Google's do no evil AI style likely to clash with open source approach

Google said its AI won't be used in weapons or for harm, but when you open source projects the code is there to be used for both good and evil (like any other tool by the way).
Written by Larry Dignan, Contributor

Google outlined its artificial intelligence principles in a move to placate employees who were worried about their work and research winding up in U.S. weapons systems.

Guess what? It's already too late. There's no way that Google's open source approach and its headline principle to not allow its AI into weapons is going to mesh. Chances are fairly good that the technology already open sourced is in some fledgling weapon system somewhere. After all, TensorFlow and a bunch of other neural network tools are pretty damn handy.

In a blog post, outlining Google's approach going forward--think 'do no evil AI style'--CEO Sundar Pichai gave the company's open source efforts props high up. He said:

Beyond our products, we're using AI to help people tackle urgent problems. A pair of high school students are building AI-powered sensors to predict the risk of wildfires. Farmers are using it to monitor the health of their herds. Doctors are starting to use AI to help diagnose cancer and prevent blindness. These clear benefits are why Google invests heavily in AI research and development, and makes AI technologies widely available to others via our tools and open-source code.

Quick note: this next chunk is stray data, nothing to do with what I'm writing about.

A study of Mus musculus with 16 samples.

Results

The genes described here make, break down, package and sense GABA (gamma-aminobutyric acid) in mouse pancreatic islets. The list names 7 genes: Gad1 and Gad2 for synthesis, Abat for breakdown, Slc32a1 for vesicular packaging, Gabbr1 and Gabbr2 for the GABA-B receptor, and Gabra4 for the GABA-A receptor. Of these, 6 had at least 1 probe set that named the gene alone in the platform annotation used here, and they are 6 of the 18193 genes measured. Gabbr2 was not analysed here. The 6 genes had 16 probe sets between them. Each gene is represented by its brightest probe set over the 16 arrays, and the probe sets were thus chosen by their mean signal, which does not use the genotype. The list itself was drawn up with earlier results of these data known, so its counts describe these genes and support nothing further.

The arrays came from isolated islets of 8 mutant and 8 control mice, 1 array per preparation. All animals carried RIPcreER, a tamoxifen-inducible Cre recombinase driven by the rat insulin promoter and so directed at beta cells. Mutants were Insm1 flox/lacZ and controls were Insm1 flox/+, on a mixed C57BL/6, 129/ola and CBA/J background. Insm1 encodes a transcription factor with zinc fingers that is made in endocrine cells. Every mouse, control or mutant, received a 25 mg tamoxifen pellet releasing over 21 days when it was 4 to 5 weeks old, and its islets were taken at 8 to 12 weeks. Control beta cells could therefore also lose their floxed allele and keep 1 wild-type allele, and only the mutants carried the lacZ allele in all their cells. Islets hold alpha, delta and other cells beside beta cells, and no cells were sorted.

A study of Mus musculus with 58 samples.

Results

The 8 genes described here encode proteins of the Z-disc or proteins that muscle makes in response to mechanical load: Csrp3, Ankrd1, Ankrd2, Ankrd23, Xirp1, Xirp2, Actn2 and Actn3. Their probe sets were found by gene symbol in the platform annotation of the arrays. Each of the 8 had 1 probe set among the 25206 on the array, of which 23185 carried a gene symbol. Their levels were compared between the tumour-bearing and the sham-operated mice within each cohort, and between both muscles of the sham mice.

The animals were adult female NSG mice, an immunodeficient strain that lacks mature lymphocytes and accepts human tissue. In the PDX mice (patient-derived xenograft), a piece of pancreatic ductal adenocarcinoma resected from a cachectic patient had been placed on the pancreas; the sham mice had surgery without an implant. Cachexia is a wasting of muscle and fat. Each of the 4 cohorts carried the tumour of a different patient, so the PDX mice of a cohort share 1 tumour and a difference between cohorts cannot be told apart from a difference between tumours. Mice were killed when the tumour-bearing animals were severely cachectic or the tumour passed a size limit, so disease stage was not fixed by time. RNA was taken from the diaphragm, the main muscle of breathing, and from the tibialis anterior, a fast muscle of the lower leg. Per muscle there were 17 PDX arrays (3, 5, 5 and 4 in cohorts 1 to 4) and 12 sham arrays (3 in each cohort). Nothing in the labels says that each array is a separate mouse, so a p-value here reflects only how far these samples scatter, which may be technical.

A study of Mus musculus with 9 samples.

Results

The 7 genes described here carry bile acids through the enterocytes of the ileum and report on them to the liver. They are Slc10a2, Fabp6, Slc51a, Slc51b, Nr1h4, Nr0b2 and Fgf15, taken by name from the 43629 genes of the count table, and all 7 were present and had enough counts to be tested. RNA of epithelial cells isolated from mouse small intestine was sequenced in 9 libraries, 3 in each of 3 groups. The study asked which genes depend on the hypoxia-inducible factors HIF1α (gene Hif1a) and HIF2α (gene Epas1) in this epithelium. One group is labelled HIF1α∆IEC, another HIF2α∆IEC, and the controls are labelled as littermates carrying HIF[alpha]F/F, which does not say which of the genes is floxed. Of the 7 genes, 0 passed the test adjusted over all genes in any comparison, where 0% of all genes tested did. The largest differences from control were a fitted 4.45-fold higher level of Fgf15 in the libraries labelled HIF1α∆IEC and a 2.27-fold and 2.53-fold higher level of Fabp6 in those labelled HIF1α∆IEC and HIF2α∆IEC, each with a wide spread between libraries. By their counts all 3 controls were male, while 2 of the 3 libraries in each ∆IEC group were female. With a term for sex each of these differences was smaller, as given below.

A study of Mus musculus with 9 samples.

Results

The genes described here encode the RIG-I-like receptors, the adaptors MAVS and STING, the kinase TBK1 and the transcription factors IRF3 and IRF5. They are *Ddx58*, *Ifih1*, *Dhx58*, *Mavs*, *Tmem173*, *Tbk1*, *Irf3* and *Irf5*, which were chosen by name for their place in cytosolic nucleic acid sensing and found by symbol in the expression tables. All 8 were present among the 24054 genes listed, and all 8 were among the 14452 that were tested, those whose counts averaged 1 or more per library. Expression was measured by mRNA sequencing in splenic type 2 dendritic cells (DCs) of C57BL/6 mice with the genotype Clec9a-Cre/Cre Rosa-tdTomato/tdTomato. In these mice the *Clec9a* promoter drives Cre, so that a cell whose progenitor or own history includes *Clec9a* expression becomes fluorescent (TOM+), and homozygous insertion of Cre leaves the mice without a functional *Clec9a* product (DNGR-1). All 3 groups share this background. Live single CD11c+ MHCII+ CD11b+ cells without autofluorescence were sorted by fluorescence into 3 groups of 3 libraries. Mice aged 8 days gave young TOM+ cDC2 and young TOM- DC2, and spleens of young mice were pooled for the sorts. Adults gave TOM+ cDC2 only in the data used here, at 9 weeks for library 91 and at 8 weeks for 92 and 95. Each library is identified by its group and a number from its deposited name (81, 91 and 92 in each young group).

And that's all true. It's also true that any technology can be used for good and evil. And that's the real pickle to Google's AI approach, which sounds good in theory, but carrying it out is going to create a few issues.


Google's seven principles go as follows:

  • Be socially beneficial
  • Avoid creating or reinforcing unfair bias
  • Be built and tested for safety
  • Be accountable to people
  • Incorporate privacy design principles
  • Uphold high standards of scientific excellence
  • Be made available for uses that accord with these principles

That last item may be the trickiest. Google is supposed to gauge how likely its technology can be adapted for harm. Google's goal is worthwhile, but the bad guys can innovate well too.


Of course, Google won't set out to do harm, but technologies are adapted for evil all the time. If Google wants to really keep a lid on AI for evil it may want to reconsider open source. Once the code is released publicly, Google can't put the AI genie back into the bottle or force anyone to adhere to its principles.